10 Books

I don’t think it’s possible to have a definitive list of 10 books that “changed my life” or “everyone must read”. So I’m going to put down the 10 books that have captured my imagination in the last two years followed by a quick note why I love them. Since my reading is a 50-50 mix of fiction and non-fiction, my list is going to be split the same way.

1. Swami and Friends: The joys of childhood uncut, unadulterated, un-precocious. Swami and his friends struggle against everyday fears, fearsome arithmetic teachers, collect money for cricket clubs, and do so much more. R K Narayan is one of my favourite writers and pretty much any book could have made it to this list but Swami is a favourite I keep going back to.

2. Pride and Prejudice: Jane Austen is another of my favourite writers and this book is one of my favourite reads when I’m low or when people tire me. It’s never the plot of her books that lifts me up but rather her gentle parody of that which is unchanging – human nature. And oh, picturing the suave Mr Darcy doesn’t hurt either!

3. The Hitchhiker’s Guide to the Galaxy: Arthur Dent, Vogons, Towels, Ford Prefect, hyperspace, Slartibartfast, Marvin the Paranoid Android, and of course, The Guide itself. There’s no other place you can go when you need wisdom. Don’t Panic!

4. What Ho!: Well, anything with Jeeves or Blandings, really. Dim-witted aristocrats, stiff upper lips, smoking suits, dashing women. P G Wodehouse is said to have hung up sheets of paper with his writing along the wall at various heights symbolizing the level of humour on the page. Only when all pages reached the desired height did he consider the work complete. Those were the days when writers were real writers and real women wore corsets…

5. Small Gods: F.D. was the one who got me started reading Terry Pratchett’s work and for that I shall always be indebted to her. I could write dozens of posts about religion on this blog and barely understand myself. This work of genius not only makes you think about religion but also makes you laugh and cry in the process. In my opinon, this is a much better book to understand an atheist’s perspective than The God Delusion.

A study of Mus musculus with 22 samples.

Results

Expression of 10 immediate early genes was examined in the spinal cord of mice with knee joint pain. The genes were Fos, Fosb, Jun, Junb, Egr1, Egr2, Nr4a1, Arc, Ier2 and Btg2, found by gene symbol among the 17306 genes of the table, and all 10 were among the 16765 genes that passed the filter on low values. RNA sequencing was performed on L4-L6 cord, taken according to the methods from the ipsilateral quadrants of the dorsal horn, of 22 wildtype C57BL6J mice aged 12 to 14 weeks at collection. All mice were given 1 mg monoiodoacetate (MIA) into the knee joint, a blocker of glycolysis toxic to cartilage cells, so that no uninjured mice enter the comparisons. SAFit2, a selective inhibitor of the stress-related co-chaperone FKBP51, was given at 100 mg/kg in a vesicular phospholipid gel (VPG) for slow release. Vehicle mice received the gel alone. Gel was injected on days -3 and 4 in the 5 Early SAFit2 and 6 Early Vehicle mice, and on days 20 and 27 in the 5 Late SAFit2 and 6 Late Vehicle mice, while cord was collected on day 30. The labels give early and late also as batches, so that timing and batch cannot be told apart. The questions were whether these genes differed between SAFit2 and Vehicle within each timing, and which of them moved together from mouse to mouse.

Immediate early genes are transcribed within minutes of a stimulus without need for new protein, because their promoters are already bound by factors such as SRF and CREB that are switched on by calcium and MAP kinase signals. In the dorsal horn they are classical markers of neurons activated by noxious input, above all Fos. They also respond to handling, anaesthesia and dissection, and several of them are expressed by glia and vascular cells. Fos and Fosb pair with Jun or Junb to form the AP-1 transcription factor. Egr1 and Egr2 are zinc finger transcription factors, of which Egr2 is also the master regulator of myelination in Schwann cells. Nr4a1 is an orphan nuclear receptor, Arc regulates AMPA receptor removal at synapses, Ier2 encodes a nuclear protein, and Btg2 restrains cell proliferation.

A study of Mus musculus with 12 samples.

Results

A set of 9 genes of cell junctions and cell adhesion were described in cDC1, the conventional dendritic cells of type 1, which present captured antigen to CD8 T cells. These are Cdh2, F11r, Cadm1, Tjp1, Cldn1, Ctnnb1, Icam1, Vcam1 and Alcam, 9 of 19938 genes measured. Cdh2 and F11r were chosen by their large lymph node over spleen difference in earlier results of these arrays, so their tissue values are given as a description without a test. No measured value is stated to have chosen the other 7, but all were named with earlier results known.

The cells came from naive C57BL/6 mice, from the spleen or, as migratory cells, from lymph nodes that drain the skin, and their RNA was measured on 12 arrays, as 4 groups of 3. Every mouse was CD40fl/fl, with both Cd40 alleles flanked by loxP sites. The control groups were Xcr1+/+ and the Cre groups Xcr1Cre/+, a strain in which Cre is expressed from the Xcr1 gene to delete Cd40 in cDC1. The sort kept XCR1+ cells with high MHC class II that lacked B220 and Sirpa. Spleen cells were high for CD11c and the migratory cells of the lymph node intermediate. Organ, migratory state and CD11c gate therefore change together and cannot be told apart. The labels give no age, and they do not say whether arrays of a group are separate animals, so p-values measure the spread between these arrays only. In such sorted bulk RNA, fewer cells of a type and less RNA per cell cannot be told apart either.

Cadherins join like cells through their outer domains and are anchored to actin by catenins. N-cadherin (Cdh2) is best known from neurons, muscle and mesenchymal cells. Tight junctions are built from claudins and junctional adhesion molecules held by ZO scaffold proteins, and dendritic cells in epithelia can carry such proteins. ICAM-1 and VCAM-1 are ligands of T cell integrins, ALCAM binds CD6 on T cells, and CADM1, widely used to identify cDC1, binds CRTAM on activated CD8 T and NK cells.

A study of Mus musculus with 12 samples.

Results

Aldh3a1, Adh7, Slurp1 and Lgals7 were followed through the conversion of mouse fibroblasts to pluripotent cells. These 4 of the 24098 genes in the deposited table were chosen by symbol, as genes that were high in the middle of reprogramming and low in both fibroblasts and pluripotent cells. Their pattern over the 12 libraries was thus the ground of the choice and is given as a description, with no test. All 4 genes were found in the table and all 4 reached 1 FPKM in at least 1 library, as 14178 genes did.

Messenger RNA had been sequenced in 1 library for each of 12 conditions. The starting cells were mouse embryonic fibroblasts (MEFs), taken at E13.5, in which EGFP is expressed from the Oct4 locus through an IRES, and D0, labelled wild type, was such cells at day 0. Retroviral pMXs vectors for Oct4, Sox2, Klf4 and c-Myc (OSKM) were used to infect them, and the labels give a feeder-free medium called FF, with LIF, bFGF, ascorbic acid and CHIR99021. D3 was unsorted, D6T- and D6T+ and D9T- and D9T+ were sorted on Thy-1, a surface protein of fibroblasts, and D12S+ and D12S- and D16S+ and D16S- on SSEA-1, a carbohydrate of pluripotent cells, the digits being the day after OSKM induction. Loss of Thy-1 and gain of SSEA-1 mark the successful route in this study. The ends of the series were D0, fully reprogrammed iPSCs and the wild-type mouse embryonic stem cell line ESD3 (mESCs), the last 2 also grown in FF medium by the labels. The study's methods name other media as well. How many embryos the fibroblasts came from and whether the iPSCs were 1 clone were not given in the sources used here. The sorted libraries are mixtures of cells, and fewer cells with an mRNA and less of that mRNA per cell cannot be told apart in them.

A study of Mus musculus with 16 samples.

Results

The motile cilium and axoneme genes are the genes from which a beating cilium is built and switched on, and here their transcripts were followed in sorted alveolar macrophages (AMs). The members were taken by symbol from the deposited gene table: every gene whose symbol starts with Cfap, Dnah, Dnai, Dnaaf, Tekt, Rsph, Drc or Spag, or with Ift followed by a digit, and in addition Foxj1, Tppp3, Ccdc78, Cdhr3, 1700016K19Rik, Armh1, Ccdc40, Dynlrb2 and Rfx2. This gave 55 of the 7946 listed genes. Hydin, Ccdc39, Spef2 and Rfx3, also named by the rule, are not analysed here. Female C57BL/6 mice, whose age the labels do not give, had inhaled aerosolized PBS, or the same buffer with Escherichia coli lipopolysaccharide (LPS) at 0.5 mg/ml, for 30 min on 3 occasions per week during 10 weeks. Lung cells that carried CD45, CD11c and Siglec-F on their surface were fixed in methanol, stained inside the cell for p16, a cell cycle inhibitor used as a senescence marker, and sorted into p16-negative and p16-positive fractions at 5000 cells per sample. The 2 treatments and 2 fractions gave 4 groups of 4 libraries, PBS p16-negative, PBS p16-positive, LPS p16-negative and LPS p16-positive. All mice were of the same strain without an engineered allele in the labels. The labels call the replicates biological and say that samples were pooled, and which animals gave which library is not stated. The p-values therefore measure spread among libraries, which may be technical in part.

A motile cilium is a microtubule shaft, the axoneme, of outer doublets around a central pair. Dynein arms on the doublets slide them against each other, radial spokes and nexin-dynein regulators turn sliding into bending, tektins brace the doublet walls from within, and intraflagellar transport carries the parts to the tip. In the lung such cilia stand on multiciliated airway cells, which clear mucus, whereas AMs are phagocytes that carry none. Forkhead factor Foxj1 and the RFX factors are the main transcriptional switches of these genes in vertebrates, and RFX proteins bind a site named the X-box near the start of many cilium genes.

6. Animal Farm: This book is so iconic that I guess it’s presence doesn’t need to be justified. It’s an eerily realistic book that I almost consider non-fiction despite the taking animals.

7. The One Hundred: A guide to the pieces every stylish woman must own. This is a book I picked up with credits I had on Amazon’s Kindle store. I had been living in the US for a couple of years when I first read this book but I never really understood how one was expected to shop or dress there. I was looking for an extension of an article in a magazine but instead found an interesting, thoughtfully written book that covers everything from capes and animal prints to sneakers to vintage clothing. I am never going to own most of these pieces but this book made me start thinking about how to spend my money when I go shopping.

8. The Mythical Man Month: A book that many consider the bible of software project management, it’s the source of so many phrases we use today including “It’s no Silver Bullet”. Again, it’s such a classic in it’s field that most descriptions fall flat and it’s best to pick up the book and read it.

9. Bossypants: Tina Fey is a genius and I’ve had a girl crush on her since I watched my first episode of 30 Rock. She is talented, no-nonsense and incredibly funny. Tina can make you see how ridiculous it is for women to have to compete with each other all the time in everything – from weight and bra size to breastfeeding duration – without ever being preachy or self righteous. I would call this book Feminism 101. If you’re not a Tina Fey fan (what? Really?) I would recommend Lean In.

10. Quiet: The power of introverts in a world that can’t stop talking. Introverts are not quiet per se but we do need a lot of quiet. This book is a well researched piece of work that refutes many myths about introverts and helps us stop judging ourselves (or others) when we prefer quiet time with a book to a noisy party.

Posted in response to the IndiSpire topic of the week.